Preparation For Outpatient Decompression Surgery


3 tips when preparing for surgery

Preparation will begin a week or two before the scheduled operation. Presurgical testing will include blood tests, x-rays, and further diagnostic testing. The patient will be required to fill out various medical and consent forms the day of the surgery. Read on for more tips to prepare for the appointment.

1. Know all medications

Patients should be prepared to provide a list of all drugs and natural health supplements. Medication histories can prevent unwanted drug reactions and help keep the patient safe. Natural health supplements may seem innocent enough but can interact with anesthesia and increase bleeding risks. Medication histories should include all past and present drugs, both prescribed and over-the-counter. Doctors may request that patients stop taking blood thinners a week or two before surgery.

2. Take a pregnancy test

Almost all surgeries require women of child-bearing years to take a pregnancy test. Blood pregnancy tests are more accurate than pharmacy-based versions. Surgery during pregnancy is often avoided to reduce the risk of complications to both the mother and child. Elective surgeries such as cosmetic procedures are not performed on pregnant women. The developing fetus is sensitive to all medications and anesthesia took by the mother. Though anesthesia medications used for surgery are safe, and there is a low risk to the baby, surgery during pregnancy is avoided whenever possible.

3. Stop smoking and drinking

Smoking, chewing tobacco, and alcohol can cause adverse medical complications. Smoking inhibits the lungs and heart from working correctly, increasing the need for a ventilator post-surgery. The risk of developing pneumonia also increases. Smoking reduces blood flow, thereby slowing down the recovery time. Alcohol weakens the immune systems and slows down the recovery period. Alcohol is also a blood thinner and affects the bodyís ability to clot during and post-surgery. Increasing the risk of excessive blood loss. If too much alcohol is still in the patientís system, the body wonít be able to metabolize the anesthesia medications properly.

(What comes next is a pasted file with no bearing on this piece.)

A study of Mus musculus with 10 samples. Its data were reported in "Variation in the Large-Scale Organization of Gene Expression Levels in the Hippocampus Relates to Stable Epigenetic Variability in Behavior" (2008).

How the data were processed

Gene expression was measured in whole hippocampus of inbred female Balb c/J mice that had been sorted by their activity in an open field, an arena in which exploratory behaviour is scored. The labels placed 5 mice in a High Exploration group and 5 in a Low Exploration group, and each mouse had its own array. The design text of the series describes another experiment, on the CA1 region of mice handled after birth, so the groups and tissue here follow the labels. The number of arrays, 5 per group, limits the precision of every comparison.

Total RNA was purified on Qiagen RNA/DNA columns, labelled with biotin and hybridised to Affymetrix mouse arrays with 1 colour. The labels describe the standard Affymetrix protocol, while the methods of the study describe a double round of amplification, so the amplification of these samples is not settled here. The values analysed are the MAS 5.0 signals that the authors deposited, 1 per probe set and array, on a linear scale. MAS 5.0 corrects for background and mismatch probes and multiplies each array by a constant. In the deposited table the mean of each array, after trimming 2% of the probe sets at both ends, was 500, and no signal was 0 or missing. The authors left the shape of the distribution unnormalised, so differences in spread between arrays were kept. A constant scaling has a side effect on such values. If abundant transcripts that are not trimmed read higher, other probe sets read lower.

What is cervical decompression surgery?

Cervical decompression surgery, also known as a laminectomy, is performed to alleviate pressure on the spine. Bone protrusions cause most of the pressure within the spinal canal. The overgrowths/bone spurs are common in individuals with arthritis. When the spinal cord or spinal nerves become compressed, the patient can experience pain, numbness, tingling in the arms and legs, balance problems, weakness, and incontinence. Herniated disks are a common reason for cervical decompression surgery. Conservative treatments for spinal compression include physical therapy, lifestyle changes, and medication. If conditions fail to improve with the alternative methods, surgery may be necessary. Most cervical decompression surgeries are performed in an outpatient setting, meaning patients return home the same day.

Tips for a successful surgery

The patient should be prepared to provide a list of all medications and health supplements so that the doctor can avoid unnecessary drug-to-drug interactions. Women will be required to take a pregnancy test. Drinking and smoking can prolong the bodyís recovery time. Communication and preparation are vital for successful surgery. Speaking with the surgeon about the risks and benefits of surgery will help the patient make an informed decision.